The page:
Your in-depth guide to WMS testing processes

Warehouse management system implementation is complex and comes with many chances for something to go wrong.

One of the biggest threats comes during the testing phase. If you miss a step, integration, or report you need and move forward with the selection process, then you’ll have to engineer an update to your new system, expanding cost and the time it takes to have a proper tool.

We’ve put together a list of seven steps and recommendations to help you understand the processes and areas to consider when performing your WMS testing.

1. Create virtual warehouse location(s) and populate them with goods and information

This step can be done from scratch, or you can export item files from your existing systems and upload to your test platform. It can be beneficial to use the export option if any other system generates data for your new WMS — you’ll want the integration issues worked out as early as possible to avoid go-live bugs and data losses.

2. Test integration with partner systems or virtual clients

At a minimum, you’ll want to be able to see how the WMS will process inbound and outbound electronic data interchanges (EDI). This is a good chance to check which EDIs your potential WMS supports in real-world scenarios, not just in the vendor’s marketing materials.

3. Run through a complete order test

Here it’s time to pair people with the system. Fabricate a new order starting with its receipt in your e-commerce, sales, CRM, ERP, or another platform. Observe as the system processes the order and generates picking and packing instructions. Have an employee use your handhelds or scanners to return associated pick data for the order.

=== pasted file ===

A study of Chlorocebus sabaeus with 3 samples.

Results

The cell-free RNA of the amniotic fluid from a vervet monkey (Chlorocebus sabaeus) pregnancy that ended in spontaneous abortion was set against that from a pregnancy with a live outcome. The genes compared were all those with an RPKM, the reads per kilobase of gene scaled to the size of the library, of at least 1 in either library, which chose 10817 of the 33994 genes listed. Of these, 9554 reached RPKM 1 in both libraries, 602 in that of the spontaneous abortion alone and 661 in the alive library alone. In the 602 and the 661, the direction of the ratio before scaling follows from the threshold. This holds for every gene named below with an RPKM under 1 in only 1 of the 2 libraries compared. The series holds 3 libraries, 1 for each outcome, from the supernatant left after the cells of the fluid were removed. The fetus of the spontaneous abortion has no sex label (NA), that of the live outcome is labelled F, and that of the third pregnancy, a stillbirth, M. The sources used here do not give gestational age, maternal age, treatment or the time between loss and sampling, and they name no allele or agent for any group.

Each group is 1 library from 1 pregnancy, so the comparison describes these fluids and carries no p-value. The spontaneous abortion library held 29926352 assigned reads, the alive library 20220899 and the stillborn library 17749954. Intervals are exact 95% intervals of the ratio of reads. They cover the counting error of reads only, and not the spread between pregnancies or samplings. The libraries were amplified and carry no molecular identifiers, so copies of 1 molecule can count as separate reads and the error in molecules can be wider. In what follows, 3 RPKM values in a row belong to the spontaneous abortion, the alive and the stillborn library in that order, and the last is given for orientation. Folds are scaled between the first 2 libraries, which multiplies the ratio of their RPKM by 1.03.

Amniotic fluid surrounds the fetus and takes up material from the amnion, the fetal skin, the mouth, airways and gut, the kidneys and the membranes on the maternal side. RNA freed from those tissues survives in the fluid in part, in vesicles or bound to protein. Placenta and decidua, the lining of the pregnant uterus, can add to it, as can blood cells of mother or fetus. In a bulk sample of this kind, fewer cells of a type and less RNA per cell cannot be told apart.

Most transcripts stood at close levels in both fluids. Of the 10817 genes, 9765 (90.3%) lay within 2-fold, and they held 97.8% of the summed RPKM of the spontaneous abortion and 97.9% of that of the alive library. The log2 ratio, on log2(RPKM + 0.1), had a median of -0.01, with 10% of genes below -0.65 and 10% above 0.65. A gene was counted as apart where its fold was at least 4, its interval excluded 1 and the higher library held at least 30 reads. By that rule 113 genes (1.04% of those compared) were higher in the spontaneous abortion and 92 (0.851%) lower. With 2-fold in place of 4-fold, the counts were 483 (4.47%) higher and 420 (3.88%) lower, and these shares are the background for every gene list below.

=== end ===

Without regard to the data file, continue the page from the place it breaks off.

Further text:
Create a foolproof implementation plan with this five step guide to WMS implementation success

Verify that the system is generating the needed labels and shipping information, placing orders with carriers as necessary. You’ll want a complete review of pick orders, shipping, manifesting, and any additional steps your system or team may capture.

Review the process to ensure that not only is all the information correct but that the system is maintaining a unified record.

4. Cut your digital inventory levels to test replenishment functions

In your virtual warehouse, remove goods slowly through digital orders to see when the system’s replenishment features kick on and what levels it recommends. Run through normal scenarios as well as new ones to see if the system is responsive.

5. Perform a cycle counting run

A new WMS can save you lots of time and money if you’re automating processes, especially your inventory counts. Use your warehouse and inventory to perform a cycle count and verify that it’s accurate.

You might want to test all of the cycle counting settings it offers and see how long they take. This should allow you to plan for full or partial inventory counts — based on things like how often different goods are sold — to minimize disruption while still keeping tabs on your most important inventory.

6. Review quality assurance tools

Depending on your deployment and the WMS you’re testing, there could be multiple QA functions available to you. Review the checks in separate processes to see how they fit with your existing workflow.You’ve already performed a variety of other tests at this point. Check those results and see if QA measures were taken during the processes and verify their results as well as the need.

7. Run your specialty programs and functions

Does your business have unique requirements or use specialty equipment in the warehouse? Review these instances and modules to ensure that you’re in good shape with the new WMS.

One major piece to consider here — even if you don’t think you have any unique needs — is how well the WMS is interacting with the devices and material handling equipment you use. Be thorough and ensure you’re getting all the data capture and sharing your processes require.

These are a sample of the steps you’ll want to take to make the most of your WMS testing. Whenever possible at this stage, double check and scrutinize hard. It could just save your bottom line.



About the author…

Geoff is an experienced journalist, writer, and business development consultant with a focus on enterprise technology, e-commerce, and supply chain development. Outside of the office he can be found toying with the latest in IoT, searching for classic radio broadcast recordings, and playing the perpetual tourist in his home of Washington D.C.